Ryan filed a voluntary petition for bankruptcy in early 2002. At the time, he owned 100% of the stock in a number of corporate entities (“the Entities”), including Riverside Capital Advisors, Inc. On August 7, 2002, the bankruptcy trustee sold Ryan’s interests in the Entities to Entrust for the sum of $60,000. In an order approving the sale, the bankruptcy court stated, in relevant part:
Any original books and records, and/or assets of the Entities … for which the Debtor has possession, custody, or control, shall be turned over to the Trustee forthwith. The Court shall retain jurisdiction to ensure that the Trustee and/or the Debtor turn over the books, records, or assets of the Entities to Entrust….
Bankr.Ct. Order of Aug. 16, 2002, at 2. The trustee then turned over most of the business records of the Entities to Entrust. There remain, however, business records of Riverside that have not been turned over because Entrust and Winchester disagree about who owns them. …
At some point before 2001, Winchester, a trust company that acts as sole trustee for several trusts, retained Riverside to provide investment advice. Ryan was an officer, director, and sole stockholder of Riverside. In August 2001, Winchester and Riverside terminated their business relationship. Pursuant to severance agreements, Ryan and Riverside were required to return to Winchester all files, books, and records related to the Winchester trusts. Ryan returned most of the records, but failed to return 26 boxes of records that had been stored in a warehouse with Ryan’s property and were not located until after Ryan filed his bankruptcy petition. Winchester asserts that it owns these records pursuant to the severance agreements. Entrust asserts that it owns these records pursuant to its purchase of Riverside in the bankruptcy sale.
The Bankruptcy Court held that it did have jurisdiction over the dispute between the two non-debtors, but the District Court reversed and remanded. The Eleventh Circuit held that the Bankruptcy Court did have jurisdiction.
Entrust argues that the bankruptcy court has jurisdiction under both the “arising in” and the “related to” language of § 1334(b). Winchester maintains that the dispute is a simple contract matter over the effect of the 2001 severance agreements and therefore neither arises in nor is related to the bankruptcy case. We conclude that the bankruptcy court has “related to” jurisdiction and therefore do not proceed to address “arising in” jurisdiction.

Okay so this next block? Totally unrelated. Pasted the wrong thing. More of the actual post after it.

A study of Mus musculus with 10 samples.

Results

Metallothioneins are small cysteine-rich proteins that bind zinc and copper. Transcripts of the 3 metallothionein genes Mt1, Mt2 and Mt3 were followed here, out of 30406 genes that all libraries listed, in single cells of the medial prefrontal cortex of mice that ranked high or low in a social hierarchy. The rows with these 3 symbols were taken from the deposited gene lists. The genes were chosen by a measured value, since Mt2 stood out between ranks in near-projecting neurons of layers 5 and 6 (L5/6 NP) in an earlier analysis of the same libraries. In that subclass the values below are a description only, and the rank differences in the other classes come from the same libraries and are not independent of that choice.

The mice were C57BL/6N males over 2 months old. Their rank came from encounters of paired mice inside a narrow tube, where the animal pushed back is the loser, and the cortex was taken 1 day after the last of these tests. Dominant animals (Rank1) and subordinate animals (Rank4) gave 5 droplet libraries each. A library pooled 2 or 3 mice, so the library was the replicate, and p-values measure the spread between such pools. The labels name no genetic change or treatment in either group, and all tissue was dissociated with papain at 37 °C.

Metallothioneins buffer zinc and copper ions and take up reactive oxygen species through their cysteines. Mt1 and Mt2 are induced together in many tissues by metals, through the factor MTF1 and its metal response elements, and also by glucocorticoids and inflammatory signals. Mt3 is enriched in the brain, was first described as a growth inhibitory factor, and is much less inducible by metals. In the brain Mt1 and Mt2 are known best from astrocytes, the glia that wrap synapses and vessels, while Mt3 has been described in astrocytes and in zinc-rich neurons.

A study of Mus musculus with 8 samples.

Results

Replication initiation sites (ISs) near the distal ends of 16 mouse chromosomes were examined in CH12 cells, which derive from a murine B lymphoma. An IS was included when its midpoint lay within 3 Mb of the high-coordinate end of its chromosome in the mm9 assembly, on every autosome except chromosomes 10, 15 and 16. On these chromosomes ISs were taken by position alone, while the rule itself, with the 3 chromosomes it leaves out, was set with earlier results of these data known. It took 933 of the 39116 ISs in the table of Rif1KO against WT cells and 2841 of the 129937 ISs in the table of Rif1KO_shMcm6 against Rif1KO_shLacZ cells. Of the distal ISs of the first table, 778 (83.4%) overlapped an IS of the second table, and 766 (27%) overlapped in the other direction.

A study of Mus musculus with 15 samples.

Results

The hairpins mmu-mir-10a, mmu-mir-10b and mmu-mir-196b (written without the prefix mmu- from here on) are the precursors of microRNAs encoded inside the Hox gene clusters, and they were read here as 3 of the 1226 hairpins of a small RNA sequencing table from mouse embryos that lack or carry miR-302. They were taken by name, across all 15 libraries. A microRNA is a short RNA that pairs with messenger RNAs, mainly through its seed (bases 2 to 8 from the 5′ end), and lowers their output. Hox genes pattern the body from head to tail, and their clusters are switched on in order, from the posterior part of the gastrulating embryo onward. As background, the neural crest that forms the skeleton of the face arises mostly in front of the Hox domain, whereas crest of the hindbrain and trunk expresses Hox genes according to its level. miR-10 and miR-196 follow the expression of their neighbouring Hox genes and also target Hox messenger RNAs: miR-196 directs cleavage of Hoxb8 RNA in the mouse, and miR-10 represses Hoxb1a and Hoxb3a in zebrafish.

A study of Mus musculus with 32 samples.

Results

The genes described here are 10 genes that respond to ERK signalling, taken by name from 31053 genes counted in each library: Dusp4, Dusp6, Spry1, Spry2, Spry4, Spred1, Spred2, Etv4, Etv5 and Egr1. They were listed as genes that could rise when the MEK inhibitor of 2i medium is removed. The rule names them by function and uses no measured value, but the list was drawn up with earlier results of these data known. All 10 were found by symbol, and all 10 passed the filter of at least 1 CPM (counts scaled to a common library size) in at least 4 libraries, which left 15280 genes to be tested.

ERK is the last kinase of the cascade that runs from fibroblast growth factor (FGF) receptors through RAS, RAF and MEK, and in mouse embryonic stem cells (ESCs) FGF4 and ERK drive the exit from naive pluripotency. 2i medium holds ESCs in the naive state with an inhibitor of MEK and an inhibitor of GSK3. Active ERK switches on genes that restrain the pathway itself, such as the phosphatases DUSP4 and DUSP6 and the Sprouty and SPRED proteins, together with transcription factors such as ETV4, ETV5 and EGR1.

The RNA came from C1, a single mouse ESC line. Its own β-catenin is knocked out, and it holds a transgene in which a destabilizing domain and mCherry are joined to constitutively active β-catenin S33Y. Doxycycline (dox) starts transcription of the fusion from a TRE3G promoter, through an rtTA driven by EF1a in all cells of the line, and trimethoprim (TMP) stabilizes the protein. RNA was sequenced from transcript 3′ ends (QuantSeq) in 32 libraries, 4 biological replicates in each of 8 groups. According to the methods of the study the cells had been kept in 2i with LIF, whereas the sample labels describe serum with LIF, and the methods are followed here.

A dispute is “related to” a case under title 11 when its result “ ‘could conceivably’ ” have an “ ‘effect on the estate being administered in bankruptcy.’ ” Miller v. Kemira, Inc. (In re Lemco Gypsum, Inc.), 910 F.2d 784, 788 (11th Cir.1990)… In this case, we find the Lemco Gypsum/Pacor “conceivable effect” test satisfied. The dispute between Winchester and Entrust over the Riverside documents could conceivably affect the bankruptcy estate because the resolution of the dispute could impact the amount of money in the estate. If the documents are not turned over to Entrust as arguably required by the bankruptcy court’s order approving the sale of the Entities, Entrust will have a viable claim for a refund from the estate of all or part of the $60,000 purchase price…In the case presently before us, the dispute between Entrust and Winchester does have a conceivable effect on the bankruptcy estate, which could be subject to a $60,000 refund claim.